Afrixalus aureus Pickersgill, 1984
Golden Leaf-folding Frog, Golden Spiny Reed Frog, Golden Dwarf Leaf-folding Frog, Goue Stekel-rietpaddatjie (A), Goue Blaarvouendepadda (A)
Currently accepted name: Afrixalus aureus
Red listing status: Least Concern
Photo by Sharp A; A. Coetzer, 2013. URL: FrogMAP: 1366
This species ranges northward into southern Mozambique (Pickersgill 1984; Poynton and Broadley 1987). Within the atlas region, A. aureus is a locally abundant species that occurs from the northeastern parts of the Limpopo Province, southward through eastern Mpumalanga, central and eastern Swaziland, to northern KwaZulu-Natal.
It is usually abundant at its breeding sites and easy to identify by its call. Although A. aureus and A. delicatus are morphologically similar, their calls are quite distinct and they usually use different breeding sites. The atlas data for A. aureus are reasonably complete and reliable.
A. aureus is a savanna species which inhabits Coastal Bushveld-Grassland, a mosaic of vegetation types found from sea level to an altitude of 300 m along the coast of northern KwaZulu-Natal, as well as various other bushveld vegetation types, such as Mixed Lowveld Bushveld, at altitudes of 200–300 m, east of the eastern escarpment (Jacobsen 1989). Along the coast, it seems to prefer drier habitats than those occupied by A. delicatus and A. spinifrons and it does not usually utilize the same breeding sites as the latter species (Pickersgill 1984; M.P. pers. obs.).
Breeding takes place in seasonal or semi-permanent water bodies containing emergent vegetation such as Polygonum pulchrum, Ludwigia stolonifera and Cyperus papyrus (Backwell 1991). At most breeding sites the water is fairly shallow, rarely exceeding 50 cm in depth.
Nothing is known of the non-breeding behaviour of this species.
During the breeding season (November–February), adults can be found close to breeding sites at the margins of pans and grassy pools. The frogs may sit on emergent vegetation, usually in leaf axils or on broad-leaved shrubs, fully exposed to the sun, in a head-down position. At dusk, males take up positions a few centimetres above the water, where they begin to call, continuing until about 04:00. High-density choruses develop; these contain a relatively high proportion (50%) of satellite males and are characterized by a high level of aggression (Backwell 1991). Within the choruses, males do not form small groups, as in A. spinifrons and A. delicatus.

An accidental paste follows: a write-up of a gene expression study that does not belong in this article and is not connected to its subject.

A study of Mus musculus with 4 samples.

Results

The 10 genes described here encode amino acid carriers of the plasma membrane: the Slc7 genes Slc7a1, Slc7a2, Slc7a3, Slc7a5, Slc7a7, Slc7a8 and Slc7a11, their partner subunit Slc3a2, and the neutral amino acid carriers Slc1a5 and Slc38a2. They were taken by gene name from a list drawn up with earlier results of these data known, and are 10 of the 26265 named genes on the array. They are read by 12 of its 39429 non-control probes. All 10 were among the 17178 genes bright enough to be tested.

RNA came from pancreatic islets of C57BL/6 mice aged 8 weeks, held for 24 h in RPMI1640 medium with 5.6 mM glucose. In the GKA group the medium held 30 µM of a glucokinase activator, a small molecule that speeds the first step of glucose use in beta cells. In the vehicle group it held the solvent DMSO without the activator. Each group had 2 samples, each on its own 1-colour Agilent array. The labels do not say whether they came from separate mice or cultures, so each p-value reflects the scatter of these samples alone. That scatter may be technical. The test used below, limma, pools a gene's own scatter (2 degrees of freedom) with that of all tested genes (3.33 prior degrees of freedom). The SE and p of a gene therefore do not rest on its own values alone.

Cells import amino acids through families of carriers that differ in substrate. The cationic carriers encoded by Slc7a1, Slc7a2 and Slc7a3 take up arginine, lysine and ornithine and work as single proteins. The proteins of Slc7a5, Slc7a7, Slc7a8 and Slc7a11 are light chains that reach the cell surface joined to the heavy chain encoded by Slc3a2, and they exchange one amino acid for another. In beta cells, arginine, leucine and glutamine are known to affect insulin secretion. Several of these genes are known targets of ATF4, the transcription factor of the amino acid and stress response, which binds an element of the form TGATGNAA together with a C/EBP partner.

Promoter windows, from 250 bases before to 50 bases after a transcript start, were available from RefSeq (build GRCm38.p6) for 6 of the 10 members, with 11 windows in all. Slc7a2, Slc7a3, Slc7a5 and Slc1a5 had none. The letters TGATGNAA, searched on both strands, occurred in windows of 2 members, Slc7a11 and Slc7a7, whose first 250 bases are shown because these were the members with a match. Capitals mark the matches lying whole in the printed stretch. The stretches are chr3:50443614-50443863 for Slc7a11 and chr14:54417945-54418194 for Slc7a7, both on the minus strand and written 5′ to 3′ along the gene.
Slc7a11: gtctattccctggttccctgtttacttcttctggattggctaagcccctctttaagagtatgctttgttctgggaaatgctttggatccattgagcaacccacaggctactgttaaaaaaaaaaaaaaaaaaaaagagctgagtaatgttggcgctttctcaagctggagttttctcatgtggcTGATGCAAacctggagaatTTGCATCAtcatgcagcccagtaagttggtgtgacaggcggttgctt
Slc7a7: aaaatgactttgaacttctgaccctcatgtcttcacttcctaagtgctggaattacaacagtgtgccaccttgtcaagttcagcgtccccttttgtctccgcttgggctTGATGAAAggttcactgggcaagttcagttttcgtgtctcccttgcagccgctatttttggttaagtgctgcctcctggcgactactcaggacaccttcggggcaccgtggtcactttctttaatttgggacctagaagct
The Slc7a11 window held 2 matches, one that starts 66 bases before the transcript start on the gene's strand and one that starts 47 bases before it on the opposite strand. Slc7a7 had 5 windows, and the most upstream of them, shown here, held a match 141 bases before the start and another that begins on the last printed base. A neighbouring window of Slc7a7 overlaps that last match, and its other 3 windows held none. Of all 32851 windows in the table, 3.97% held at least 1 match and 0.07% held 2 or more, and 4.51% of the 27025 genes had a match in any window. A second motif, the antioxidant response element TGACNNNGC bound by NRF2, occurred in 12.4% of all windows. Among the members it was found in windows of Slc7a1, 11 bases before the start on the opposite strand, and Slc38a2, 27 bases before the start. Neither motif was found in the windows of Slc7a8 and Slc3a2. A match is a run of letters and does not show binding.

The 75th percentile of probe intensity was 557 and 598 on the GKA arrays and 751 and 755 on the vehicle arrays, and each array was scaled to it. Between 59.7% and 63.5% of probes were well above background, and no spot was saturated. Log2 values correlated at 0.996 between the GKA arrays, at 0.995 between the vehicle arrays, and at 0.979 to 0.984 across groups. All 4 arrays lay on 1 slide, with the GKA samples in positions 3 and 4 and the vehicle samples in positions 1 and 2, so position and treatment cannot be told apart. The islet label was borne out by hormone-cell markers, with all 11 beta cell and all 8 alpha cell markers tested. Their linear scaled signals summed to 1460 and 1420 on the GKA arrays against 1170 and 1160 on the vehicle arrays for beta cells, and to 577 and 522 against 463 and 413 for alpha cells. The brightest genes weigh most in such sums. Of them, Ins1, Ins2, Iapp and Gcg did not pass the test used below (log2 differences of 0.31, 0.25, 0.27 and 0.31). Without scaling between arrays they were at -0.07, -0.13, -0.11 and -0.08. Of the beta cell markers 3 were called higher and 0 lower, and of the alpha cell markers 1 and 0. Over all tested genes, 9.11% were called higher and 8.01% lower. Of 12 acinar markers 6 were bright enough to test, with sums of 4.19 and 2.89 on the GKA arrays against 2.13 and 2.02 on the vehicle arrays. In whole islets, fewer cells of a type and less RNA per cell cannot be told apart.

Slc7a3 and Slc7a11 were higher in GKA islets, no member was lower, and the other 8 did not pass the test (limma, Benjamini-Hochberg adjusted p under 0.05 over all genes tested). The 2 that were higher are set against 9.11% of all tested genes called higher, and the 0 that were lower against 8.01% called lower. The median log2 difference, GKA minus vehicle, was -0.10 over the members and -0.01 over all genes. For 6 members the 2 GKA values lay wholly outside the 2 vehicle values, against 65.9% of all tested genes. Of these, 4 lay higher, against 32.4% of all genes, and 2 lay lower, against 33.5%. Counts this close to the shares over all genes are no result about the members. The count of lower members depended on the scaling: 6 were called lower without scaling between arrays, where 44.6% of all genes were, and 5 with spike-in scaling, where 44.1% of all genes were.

Amplexus is axillary, and clutches of about 50 creamy white eggs are enveloped in vertically folded leaves (often of Polygonum pulchrum or Ludwigia stolonifera) or blades of grass, 4–15 cm above the surface of the water (Jacobsen 1989; Backwell 1991; Channing 2001).
A. aureus is not considered to be threatened. Its habitat is used for stock and game farming, as well as ecotourism. It has been observed to breed in cattle waterholes, where vegetation is relatively sparse. It occurs in a number of provincial nature reserves, such as False Bay, Hluhluwe, Mkuze, Umfolozi, Nyalazi and Tembe, and in Kruger National Park.
Current distribution map
Undated records; pre-1996; 1996 to 2002; 2003 to present
FrogMAP. 2018. Afrixalus aureus Pickersgill, 1984. Animal Demography Unit. Accessed from http://frogmap.adu.org.za/?sp=10; on 2018-12-19 04:12:47.
Minter L.R., Burger M., Harrison J.A., Braack H.H., Bishop P.J. & Kloepfer D. (eds). 2004. Atlas and Red Data book of the frogs of South Africa, Lesotho and Swaziland. SI/MAB Series no. 9. Smithsonian Institution, Washington, D.C. Published by the Smithsonian Institution and the Avian Demography Unit (now Animal Demography Unit).